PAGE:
Sports

On a roll for a good cause

Hundreds turn out to support Big Brothers Big Sisters in annual 'Bowl For Kids' Sake'

For more information about Big Brothers Big Sisters, call 802-257-0361 or visit www.youthservicesinc.org.

Originally published in The Commons issue #198 (Wednesday, April 10, 2013).



BRATTLEBORO—Last Saturday, hundreds of bowlers of all ages flocked to Brattleboro Bowl for Youth Services’ 32nd annual Bowl for Kids’ Sake, the largest fundraising event of the year for its Big Brothers Big Sisters program.

Participants join teams and raise money in the weeks leading up to the event, then spend a fun-filled day bowling, winning prizes, and having fun in support of the organization.

With several different types of programs in place, Big Brothers Big Sisters serves some 200 kids in the Brattleboro area every year. In addition to the traditional adult-kid mentoring program (with nearly 150 active mentors), the organization has been implementing new mentoring programs within schools, partnering students with others of their own age with disabilities, as well as high school students with middle school students.

The programs have shown lasting effects on mentors and mentees alike, with many relationships continuing many years into the future, even after formal oversight from Big Brothers Big Sisters has ceased.

More than 500 people participate, and event organizers estimate that these individuals drew their donations from at least 2,000 people, a quarter of which are from outside Windham County. This year’s goal was $50,000, and Youth Services says it surpassed it by the end of the day, with more than $65,000 in donations and pledges collected.

Local sponsors, including People’s United Bank, Brattleboro Subaru, and the Windham Southwest Teacher’s Association, play a vital role by donating directly to Youth Services or providing in-kind donations, including various prizes to give away at the event or outlets for advertising.

“We have been supporting Bowl for Kids, Big Brothers Big Sisters, and Youth Services for a long time, specifically this event,” said Arne Hammarlund, the manager of community services at People’s United Bank in Brattleboro. “The primary reason is because it benefits kids. When I look at the Windham County community, Youth Services plays such an important part in meeting the needs of our youth, and they do an exceptional job.”

Together, the money raised at this event provides one-third of the annual program budget for Big Brothers Big Sisters, according to program director Robert Szpila.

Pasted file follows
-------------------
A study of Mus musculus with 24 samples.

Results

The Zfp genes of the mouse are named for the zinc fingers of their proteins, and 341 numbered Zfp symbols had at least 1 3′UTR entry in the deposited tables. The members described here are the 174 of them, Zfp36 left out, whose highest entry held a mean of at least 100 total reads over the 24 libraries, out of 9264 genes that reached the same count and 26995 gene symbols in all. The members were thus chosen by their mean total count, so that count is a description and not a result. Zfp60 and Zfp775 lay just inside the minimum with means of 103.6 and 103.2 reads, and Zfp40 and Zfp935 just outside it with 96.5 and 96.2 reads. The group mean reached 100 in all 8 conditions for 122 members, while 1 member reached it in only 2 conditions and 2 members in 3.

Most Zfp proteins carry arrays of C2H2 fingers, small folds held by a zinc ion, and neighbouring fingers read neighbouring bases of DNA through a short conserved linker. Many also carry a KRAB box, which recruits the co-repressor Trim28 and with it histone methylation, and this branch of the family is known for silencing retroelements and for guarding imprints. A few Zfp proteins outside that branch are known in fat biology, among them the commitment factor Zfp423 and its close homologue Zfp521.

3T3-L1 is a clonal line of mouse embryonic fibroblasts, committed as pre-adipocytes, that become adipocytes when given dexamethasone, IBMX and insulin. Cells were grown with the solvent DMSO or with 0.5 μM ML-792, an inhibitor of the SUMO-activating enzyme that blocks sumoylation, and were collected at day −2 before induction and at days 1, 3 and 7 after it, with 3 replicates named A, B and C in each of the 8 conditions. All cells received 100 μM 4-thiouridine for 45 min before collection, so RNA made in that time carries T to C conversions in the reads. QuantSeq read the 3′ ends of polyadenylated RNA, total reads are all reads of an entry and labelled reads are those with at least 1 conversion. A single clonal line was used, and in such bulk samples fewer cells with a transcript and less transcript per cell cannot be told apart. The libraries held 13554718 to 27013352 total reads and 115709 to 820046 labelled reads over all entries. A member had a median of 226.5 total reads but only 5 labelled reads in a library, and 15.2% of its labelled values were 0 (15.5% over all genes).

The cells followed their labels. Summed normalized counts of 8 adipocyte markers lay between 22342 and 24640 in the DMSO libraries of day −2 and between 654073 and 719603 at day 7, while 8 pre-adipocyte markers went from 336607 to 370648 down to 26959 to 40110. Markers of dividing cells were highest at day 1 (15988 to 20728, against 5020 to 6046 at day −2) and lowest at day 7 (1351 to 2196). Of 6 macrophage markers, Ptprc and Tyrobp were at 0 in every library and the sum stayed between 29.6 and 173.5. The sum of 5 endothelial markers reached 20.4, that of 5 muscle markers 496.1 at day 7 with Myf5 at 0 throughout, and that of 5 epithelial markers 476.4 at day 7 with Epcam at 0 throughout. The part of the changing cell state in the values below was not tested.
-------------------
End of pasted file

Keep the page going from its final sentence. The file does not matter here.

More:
“Without this event, our program would be a lot smaller, we would serve a lot fewer kids, and the wait lists [right now, 80 youngsters are waiting to be matched with mentors] would be longer,” he said. “It’s centrally important for us.”

In the 32-year history of the event in Brattleboro, Youth Services has learned that advertising through multiple channels is essential to gaining new participants and increasing community interest.

The planning committee, chaired by Betsy Gentile, works hard to advertise, decorating the window of People’s United Bank on Main Street in Brattleboro, putting a banner over Main Street, and running ads in newspapers and radio.

However, on a certain level, this level of promotion is almost unnecessary in Windham County.

Szpila said local residents have shown a unique dedication to Big Brothers Big Sisters throughout the years.

“When I talk to other agencies across the country, they are blown away by the [small] size of our agency and the amount of money we are able to raise,” he said. “It’s because the people in our community are awesome and generous and care about the people in our community. I’ve seen that in so many ways, not just in Bowl for Kids’ Sake. I think it’s because people really care about kids here and that’s why it’s so successful.”

Of course, the event still has room to grow, and Szpila and his colleagues intend to gain new participants and new donors.

Szpila said that donors are compelled “because they care about kids that are facing adversity. [The donors] just take a moment to empathize with kids who haven’t been dealt all the greatest cards in life, and there are people in our community who are stepping up and helping them get resources to succeed.”

But another great reason to participate is that it is just fun.

“You feel great when you do something [to help these kids],” Szpila said. “When it’s in an awesome bowling music environment, it feels even better.”

Linda Thurber of Brattleboro was again the top individual fundraiser, raising more than $1,500 from friends and colleagues in pledges, followed by Emily Tinkham and Annie Richards. Entergy’s teams brought in the most pledges of any business at over $2,000.